French bistro classics are suddenly hotter on the Queensland dining scene than a bubbling pot-au-feu.
Take our quiz to check your knowledge.
Pierre Khodja’s Camus opens this week, bringing the vibrant flavours of his Algerian homeland to Northcote’s High Street.
What better way to ring in the Year of the Rooster than a culinary spectacular?
Here's the story behind it.
Destroyed by fire in 2014, the Stokehouse has returned as an elegant foreshore precinct. Michael Harden talks to owner Frank van Haandel about the rebirth of a landmark.
Millbrook Winery chef Guy Jeffreys walks us through his approach to cooking and what's on the menu this month and next.
Whether it's mixed through black rice pudding with caramelised bananas, shredded on top of mango trifle or toasted and served with coconut jelly, coconut adds tropical touch and fragrance to summer desserts.
Spend less time cooking and more time relaxing at your next barbecue - these char-grilled meats and vegetables are low on labour but deliver big on juicy and smoky flavours.
We approach an expert on the ground in Turkey for the inside word on the Salt Bae phenomenon. Just how salty is that steak?
Attica’s chef isn’t happiest when eating soils or smears on his days off, it’s souvlaki. We follow him to his favourite spot.
Melbourne, it's finally your turn for a taste of David Thompson's uncompromising Thai cooking.
There’s never a dull moment at ultra-glam, slightly mad Pascale, QT Melbourne’s dazzling flagship diner, writes Michael Harden.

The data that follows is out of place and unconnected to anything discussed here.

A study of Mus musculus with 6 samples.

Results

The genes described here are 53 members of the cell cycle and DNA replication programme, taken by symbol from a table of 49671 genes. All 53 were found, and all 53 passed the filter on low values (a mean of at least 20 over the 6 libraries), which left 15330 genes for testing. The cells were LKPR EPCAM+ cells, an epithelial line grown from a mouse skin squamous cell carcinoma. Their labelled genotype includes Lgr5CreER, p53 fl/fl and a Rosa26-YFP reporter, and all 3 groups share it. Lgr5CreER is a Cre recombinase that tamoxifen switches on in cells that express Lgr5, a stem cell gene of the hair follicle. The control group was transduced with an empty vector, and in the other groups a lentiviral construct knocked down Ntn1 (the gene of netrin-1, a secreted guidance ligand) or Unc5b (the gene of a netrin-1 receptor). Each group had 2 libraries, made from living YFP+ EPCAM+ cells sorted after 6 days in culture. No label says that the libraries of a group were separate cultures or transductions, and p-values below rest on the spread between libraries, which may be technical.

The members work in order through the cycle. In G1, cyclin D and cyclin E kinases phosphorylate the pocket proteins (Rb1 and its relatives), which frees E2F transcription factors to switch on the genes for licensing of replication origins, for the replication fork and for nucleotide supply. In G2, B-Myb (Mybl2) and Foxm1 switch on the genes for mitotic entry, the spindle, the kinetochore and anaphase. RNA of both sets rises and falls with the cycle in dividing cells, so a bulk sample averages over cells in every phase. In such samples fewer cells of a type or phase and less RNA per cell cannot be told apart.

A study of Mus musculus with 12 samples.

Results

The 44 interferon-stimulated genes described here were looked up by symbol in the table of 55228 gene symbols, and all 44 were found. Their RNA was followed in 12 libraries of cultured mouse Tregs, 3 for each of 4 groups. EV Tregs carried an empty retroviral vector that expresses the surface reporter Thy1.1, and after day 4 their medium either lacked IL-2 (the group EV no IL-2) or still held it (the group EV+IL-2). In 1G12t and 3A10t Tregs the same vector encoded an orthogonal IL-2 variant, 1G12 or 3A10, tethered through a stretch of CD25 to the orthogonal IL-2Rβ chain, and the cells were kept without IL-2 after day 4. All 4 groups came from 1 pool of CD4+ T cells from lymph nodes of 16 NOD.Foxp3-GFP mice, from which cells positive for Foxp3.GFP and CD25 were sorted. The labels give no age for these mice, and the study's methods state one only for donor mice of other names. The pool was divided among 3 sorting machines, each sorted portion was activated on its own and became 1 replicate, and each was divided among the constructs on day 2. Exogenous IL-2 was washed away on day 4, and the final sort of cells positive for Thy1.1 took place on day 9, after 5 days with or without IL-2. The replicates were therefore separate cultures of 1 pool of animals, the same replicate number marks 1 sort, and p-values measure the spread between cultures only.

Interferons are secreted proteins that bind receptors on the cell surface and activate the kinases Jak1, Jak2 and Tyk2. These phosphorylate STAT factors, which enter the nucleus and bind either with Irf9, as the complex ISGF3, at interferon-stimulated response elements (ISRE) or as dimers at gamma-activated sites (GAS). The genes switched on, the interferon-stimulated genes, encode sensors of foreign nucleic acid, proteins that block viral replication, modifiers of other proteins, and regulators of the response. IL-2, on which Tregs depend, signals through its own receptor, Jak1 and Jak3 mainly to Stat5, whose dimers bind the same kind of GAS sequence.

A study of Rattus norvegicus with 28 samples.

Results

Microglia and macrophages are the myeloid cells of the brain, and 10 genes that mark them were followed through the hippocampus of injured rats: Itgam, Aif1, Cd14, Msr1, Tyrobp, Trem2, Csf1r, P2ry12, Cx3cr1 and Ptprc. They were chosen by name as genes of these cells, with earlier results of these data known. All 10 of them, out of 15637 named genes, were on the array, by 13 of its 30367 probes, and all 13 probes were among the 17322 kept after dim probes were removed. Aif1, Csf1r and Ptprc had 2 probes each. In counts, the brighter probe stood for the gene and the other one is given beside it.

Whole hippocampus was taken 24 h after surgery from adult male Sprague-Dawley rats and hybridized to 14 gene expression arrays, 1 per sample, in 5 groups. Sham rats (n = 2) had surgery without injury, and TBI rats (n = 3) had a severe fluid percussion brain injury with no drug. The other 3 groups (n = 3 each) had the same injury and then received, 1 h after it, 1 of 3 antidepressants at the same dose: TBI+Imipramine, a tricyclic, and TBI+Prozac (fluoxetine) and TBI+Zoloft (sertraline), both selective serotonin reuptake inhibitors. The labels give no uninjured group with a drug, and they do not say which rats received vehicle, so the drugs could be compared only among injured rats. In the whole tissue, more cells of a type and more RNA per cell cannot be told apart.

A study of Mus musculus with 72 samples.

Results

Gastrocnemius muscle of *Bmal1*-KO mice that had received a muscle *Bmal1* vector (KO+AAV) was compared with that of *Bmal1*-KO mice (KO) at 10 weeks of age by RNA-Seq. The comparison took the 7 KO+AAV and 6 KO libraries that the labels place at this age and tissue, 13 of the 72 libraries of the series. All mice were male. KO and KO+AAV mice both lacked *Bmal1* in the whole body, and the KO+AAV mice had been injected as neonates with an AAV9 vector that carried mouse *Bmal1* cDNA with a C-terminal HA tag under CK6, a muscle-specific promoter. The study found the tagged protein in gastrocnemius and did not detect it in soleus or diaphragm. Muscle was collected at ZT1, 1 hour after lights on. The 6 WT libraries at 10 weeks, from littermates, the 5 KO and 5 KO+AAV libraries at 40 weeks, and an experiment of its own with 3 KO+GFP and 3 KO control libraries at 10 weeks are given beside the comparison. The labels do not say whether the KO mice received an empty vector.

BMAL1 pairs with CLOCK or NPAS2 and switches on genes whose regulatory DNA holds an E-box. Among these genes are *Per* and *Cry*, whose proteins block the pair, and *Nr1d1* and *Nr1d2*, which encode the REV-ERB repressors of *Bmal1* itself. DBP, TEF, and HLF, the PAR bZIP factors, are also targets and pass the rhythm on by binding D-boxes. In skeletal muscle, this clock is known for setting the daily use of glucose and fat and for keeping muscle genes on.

After a year of big name openings, a new Alexandria eatery arrives as a likable - and possibly lovable - local.
Here's the story behind it.
The scone originates from Scotland with the earliest reference to the bread in a Scottish poem, Aeneid, in 1513. They were originally cooked on a girdle – a type of griddle – over an open flame and in a large flat square or round, then cut into pieces. It was not until the mid-19th century that scones were leavened with baking powder or bicarbonate of soda. It’s unclear when the oven replaced the girdle as the method of cooking or when the individual round numbers came into vogue.
Plain, sweet or savoury, scones are a specialty of the British Isles, where they’re pronounced ‘skon’ in Scotland and northern England and ‘skoan’ in the south.
Since Mrs Beeton’s time, cooks have added various ingredients – fruit, cheese, nuts and, of course, pumpkin – to scones. The latter type was cemented on Australia’s culinary map by Florence Bjelke-Petersen (or Lady Flo as she’s known), a Queensland senator during the late 80s and early 90s and wife of former Queensland premier Sir Joh. During her time as a senator she became well-known for her pumpkin scones, her reputation for them rivalling that of her political career. “I hope they remember me first for being a senator, who just happened to make pumpkin scones,” recounts Florence. And the secret to these golden nuggets? Cook the pumpkin the night before and chill it in the fridge.
There can be no better place to try a pumpkin scone than at the home of the Bjelke-Petersen family for more than 80 years. Lady Flo’s son and his wife offer afternoon tea on Wednesdays and Saturdays (bookings necessary) following a tour of the 365-hectare property. Former Prime Minister John Howard has even popped by for the legendary scones. Kingaroy, (07) 4162 7046.
It’s all doilies, tea cosies and dainty fine China cups, but don’t expect the quotidian Dandenong’s Devonshire tea here. They serve light, fluffy pumpkin scones alongside roaring pink rose cupcakes. 88 Station St, Sandringham, Vic, (03) 9598 9334.
On the menu for nearly a decade, the traditional puffy scones are fine restorative fare for those passing through the historic township. And the homemade rhubarb and raspberry preserve served with them is pretty darn good, too. 1 Murray St, Collector, NSW, (02) 4848 0200.